Get a Fascinating Glimpse Inside a Chinese Click Farm
New video has surfaced from inside the realm of a click farm. The footage shows thousands upon thousands of phones in a small room in what has been identified as China. These smartphones are hooked up and ready for employees to like pages requesting more likes.
The video was originally published by Daily Mail. The website reported the video originally came from a Russian filming crew and showcased 10,000 phones all used for the click farm. However, no names or specific locations were given, nor were any further details about the clip.
Social media sites such as Facebook truly started as a way to connect with others. However, the dynamic shifted when businesses and advertising got more heavily involved. For example, certain Facebook pages about seemingly random topics (i.e. favorite vegetables) can have hundreds of thousands of likes. This is despite the fact that plenty of other accounts exist lauding the merits of a particular food. How did one account get a monopoly on loving cucumbers? The answer could easily be from click farms like these. It takes a $15 investment to add thousands of likes to an account no matter the topic.
Click farms have been frowned upon but widely used by thousands of celebrities and businesses looking to bump up their social media stats. There are typically two routes people use to get thousands of followers instantly. The first option comes from Facebook itself where it promises to boost your exposure for $5 to $100 depending on the desired range. The second option is to pay a third-party site to boost numbers. Those sites employ workers at extremely low wages to physically click on and like social media accounts. The first option seems like the "right" way while the later seems "wrong."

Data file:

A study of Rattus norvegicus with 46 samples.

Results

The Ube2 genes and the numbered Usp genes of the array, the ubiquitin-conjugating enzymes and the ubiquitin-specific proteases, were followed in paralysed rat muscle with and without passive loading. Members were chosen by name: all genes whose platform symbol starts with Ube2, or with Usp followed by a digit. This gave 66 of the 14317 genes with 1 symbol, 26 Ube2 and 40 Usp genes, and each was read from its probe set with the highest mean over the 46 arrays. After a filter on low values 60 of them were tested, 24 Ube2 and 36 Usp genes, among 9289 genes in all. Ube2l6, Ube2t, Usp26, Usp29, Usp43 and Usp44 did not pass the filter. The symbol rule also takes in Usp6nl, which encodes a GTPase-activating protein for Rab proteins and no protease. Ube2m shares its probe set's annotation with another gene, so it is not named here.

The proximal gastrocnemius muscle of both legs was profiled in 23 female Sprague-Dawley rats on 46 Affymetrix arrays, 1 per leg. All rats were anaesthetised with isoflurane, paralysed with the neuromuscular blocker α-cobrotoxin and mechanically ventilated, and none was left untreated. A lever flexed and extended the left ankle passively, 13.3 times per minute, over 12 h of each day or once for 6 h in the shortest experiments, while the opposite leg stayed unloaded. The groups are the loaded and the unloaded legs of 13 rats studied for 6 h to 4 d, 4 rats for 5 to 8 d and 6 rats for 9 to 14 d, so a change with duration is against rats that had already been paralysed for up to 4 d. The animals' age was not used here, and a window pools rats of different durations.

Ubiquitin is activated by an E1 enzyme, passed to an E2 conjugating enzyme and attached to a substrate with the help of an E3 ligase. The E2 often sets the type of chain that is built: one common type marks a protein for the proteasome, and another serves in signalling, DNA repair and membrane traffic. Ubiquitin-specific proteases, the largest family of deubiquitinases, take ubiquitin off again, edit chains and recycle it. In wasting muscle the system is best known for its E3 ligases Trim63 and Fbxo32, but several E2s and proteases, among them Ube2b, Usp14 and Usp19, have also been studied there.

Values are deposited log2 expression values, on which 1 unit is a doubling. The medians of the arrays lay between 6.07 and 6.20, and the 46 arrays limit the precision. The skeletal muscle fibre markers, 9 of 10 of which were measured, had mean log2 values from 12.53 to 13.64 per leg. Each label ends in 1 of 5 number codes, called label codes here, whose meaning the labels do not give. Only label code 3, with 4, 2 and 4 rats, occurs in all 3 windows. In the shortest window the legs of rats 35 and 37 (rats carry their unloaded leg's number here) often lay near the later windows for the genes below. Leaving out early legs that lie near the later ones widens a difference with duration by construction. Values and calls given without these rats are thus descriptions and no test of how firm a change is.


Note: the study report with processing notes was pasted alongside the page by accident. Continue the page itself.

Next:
However, a few years ago, Veritasium exposed Facebook itself for possibly using click farm methods to fulfill the "right" way of boosting numbers.
"When I paid to promote my page I gained 80,000 followers in developing countries who didn't care about Veritasium (but I wasn't aware of this at the time)," creator Derek Muller noted. "They drove my reach and engagement numbers down, basically rendering the page useless. I am not the only one who has experienced this."
A click farm doesn't just affect those aspiring social media starlets or Instagrammers wanting to become more popular. They make it harder for companies who use social media engagement as an advertising metric to determine what ads will work.
[Image Source: Pixabay]
Sam DeSilva serves as an IT and outsourcing lawyer in the United Kingdom. He told the Guardian, "Potentially, a number of laws are being breached -- the consumer protection and unfair trading regulations. Effectively it's misleading the individual consumers."
Several social media platforms have tried to take steps in exposing and removing these fake accounts. Most notably, Twitter deleted millions of unused accounts specifically created for click farming. These accounts led to thousands of celebrities noticing insane drops in social media numbers. Instagram did a similar "purge" in 2014. Justin Bieber, Kim Kardashian, and Beyonce suffered some of the biggest losses in what was dubbed the "Instagram Rapture."
In short, there are hundreds of articles about how to boost social media engagement without spending a cent. Forbes, Fast Company, and metrics-specialty websites offer advice without mentioning sketchy-sounding websites or a click farm. However, until Facebook, Twitter, and Instagram do more to delegitimize the impact on raw numbers rather than engagement, sites like FollowersandLikes4U and others will continue to be popular.